Off-camera flash at Live Music events

April 07, 2015  •  Leave a Comment

During my years shooting nightlife for my blog Unreal360.com I was occasionally hired to photograph DJ and live music events for other companies. One of these companies, RealMusic Events, hired me to photograph their DJ events. They consistently booked their shows at two Austin venues: Kingdom Nightclub and Republic Live (RIP!).

Kingdom's capacity was probably somewhere around 100-125 people. Republic Live was much bigger; I believe the official capacity was between 400-500. Both clubs did have lighting, but it wasn't anything spectacular. To attempt to capture compelling, emotional moments from the DJs with the given lighting was challenging at best. To remedy this I decided to create my own lighting with remote strobes placed on surrounding stage equipment. All of the below shots were between the years 2013-2014

Here was my equipment setup:

1. Nikon D300
2. Tokina 11-16mm f2.8 - this was the lens that I used for the majority of the photographs that you will see in this article.
3. Sigma 30mm f1.4
4. Sigma 50mm f1.4 Art
5. Nikon SB-900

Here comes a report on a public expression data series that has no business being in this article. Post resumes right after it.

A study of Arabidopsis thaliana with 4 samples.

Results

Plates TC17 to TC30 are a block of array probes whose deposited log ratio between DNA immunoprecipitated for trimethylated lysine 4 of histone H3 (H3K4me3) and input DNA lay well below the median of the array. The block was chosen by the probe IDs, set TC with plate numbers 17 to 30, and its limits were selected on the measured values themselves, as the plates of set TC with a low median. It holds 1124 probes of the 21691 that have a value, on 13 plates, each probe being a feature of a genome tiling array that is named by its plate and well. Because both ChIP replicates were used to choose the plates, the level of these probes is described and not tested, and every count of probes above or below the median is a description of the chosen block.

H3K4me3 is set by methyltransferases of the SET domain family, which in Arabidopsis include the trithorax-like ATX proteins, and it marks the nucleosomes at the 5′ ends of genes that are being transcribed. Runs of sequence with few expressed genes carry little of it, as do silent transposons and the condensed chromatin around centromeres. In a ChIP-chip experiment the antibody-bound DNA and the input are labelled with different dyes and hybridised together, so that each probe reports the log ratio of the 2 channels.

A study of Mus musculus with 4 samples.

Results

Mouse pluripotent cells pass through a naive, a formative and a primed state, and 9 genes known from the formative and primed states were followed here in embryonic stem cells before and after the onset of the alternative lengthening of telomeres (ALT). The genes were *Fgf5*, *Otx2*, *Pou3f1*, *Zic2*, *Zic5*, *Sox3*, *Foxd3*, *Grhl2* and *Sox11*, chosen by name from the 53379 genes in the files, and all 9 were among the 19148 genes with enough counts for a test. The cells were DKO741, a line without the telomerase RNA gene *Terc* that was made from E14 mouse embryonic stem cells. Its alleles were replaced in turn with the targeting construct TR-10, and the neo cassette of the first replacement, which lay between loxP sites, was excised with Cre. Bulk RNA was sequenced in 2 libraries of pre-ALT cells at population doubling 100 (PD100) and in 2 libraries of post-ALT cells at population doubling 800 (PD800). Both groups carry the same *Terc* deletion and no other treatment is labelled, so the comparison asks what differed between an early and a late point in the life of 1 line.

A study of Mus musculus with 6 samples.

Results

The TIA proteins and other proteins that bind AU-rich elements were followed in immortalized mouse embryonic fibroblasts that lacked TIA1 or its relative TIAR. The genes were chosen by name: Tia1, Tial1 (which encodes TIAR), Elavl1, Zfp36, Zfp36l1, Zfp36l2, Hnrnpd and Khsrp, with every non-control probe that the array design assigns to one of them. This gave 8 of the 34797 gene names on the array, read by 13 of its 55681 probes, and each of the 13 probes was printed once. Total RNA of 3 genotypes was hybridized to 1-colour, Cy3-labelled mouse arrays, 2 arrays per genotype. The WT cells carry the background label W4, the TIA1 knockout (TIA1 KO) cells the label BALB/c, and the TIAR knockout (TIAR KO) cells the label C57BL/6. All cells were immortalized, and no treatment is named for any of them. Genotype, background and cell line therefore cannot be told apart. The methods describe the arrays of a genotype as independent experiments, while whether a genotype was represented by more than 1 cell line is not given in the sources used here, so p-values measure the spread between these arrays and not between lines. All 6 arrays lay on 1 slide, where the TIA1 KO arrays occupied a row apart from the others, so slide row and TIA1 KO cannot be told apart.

6. Nikon SB-800
7. Yongnuo 560 III (2)
8. Yongnuo 603 receivers
9. Kupo Superclamps

I clamped the Yongnuo 560 IIIs stage left and stage right and, depending on the club and how far away I had to place them, would set their power levels between 1/128th and 1/32nd. At Kingdom nightclub they were always set to 1/128th because the DJ equipment and all supporting stage equipment was fixed. At Republic, the power levels varied because I had to make changes based off the DJ equipment and or how far the DJ table was situated away from the front of the stage.

At Kingdom I would also clamp my SB-800 on some piping that ran along the wall behind the DJ. If I remember correctly I set the power levels on it between 1/128th and 1/64th.

Finally, I occasionally used my SB-900 on-camera as the main fill light, with the surrounding lights acting as accent, or "kicker," lights.

All lights had no modifiers, except for the occasional bounce-flash from my SB-900. If I could go back I would have used grids on all my lights due control them better. Even with the lights zoomed at ~135mm the spill is pretty uncontrollable.

OCF can really add drama to any photograph, and live music photography is no exception. If you want a great way to learn your trade, try it out! Here are some photos from 2013-2014 that show the kind of lighting you can pull off with OCF.